Demonstrators gather outside City Hall in Louisville, Ky., on May 29 to protest of police violence.
Brett Carlsen
Getty Images
Demonstrators gather outside City Hall in Louisville, Ky., on May 29 to protest of police violence.

Louisville, Ky., has been a center of protests after police shot and killed Breonna Taylor in March. A lot has happened in the city since then.

Last Thursday night, seven people were shot and injured during protests calling for justice for Taylor, George Floyd and other unarmed black Americans killed recently.

Sadiqa Reynolds — a former judge and president of the Louisville Urban League — was there.

On Monday, tensions ran high after law enforcement killed a beloved local barbecue chef named David McAtee.

Whenpolice prevented the removal of his body for more than 12 hours, Sadiqa Reynolds was there, too.

She has been playing something of a coach role as protests over police violence erupt across her city and the nation. On Tuesday, she was handing out masks and helping teenagers navigate interviews with the media.

"I'm proud of these young people for doing what they need to do, and I'm proud of those in my generation, the 40-somethings ... that are here to protect them," she told All Things Considered. "I'm just honored to be here, and to hear them sing, to watch their pain, to see them get a little tearful when they're trying to talk."

Reynolds talks with NPR about her city and the fight against police violence.

Interview Highlights

On how the protests are about more than just police violence

It is always about more than police violence. If you think about the jobs that we have been pushed down and relegated to, if you think about these folks that we are now celebrating as essential workers and how much money they actually make.

Look at the justice system and how disproportionately we are touched by the justice system, how over-policed our communities are. We know our police department can do better because we've seen them do better — they do better in white communities. They had a man shoot two people in broad daylight at Kroger and they walked him into jail. But in our community, we keep ending up in body bags.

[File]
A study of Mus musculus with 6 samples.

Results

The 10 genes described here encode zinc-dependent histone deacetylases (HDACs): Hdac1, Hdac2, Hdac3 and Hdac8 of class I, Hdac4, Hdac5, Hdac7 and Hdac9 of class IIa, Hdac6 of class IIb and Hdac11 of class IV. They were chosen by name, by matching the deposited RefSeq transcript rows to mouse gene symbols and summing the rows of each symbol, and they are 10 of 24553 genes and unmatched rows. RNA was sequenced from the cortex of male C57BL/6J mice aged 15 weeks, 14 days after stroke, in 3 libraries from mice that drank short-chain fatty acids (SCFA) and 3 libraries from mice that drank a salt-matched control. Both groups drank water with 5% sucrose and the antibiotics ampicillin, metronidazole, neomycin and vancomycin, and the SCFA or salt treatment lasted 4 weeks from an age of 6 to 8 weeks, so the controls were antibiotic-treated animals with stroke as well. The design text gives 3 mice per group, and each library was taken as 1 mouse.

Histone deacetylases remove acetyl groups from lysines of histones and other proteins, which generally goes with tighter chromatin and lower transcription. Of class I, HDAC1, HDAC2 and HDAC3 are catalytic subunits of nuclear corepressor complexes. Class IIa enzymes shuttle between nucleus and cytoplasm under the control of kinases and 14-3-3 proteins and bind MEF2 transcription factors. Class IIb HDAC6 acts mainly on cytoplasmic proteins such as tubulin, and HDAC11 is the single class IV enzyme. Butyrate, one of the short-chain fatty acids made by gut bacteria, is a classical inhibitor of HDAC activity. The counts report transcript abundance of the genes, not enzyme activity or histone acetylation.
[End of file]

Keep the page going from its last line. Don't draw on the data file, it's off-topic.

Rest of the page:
These protests erupting across the country are changing the way the criminal justice system has to respond. So while I understand it is a terrible inconvenience for some people that there would be protesters out in the streets, but imagine day after day, over and over, suffering and watching people be hurt and die.

On the positive impact of the anti-police violence protests

The positive part of the protest, first of all, is the peacefulness of it because the vast majority of these protests have been very peaceful. Peace doesn't really make the news all the time, though, so people have to understand that. If you're not there, you might not know — you might not get the sense of that.

The other thing is that the crowds are very diverse. I mean, we have so many people you just think if these folks could be in charge of the world, the world would be different. I mean, there is a movement in our country. People want to see something different. So that is so encouraging for me.

Listen to the full interview at the audio link above.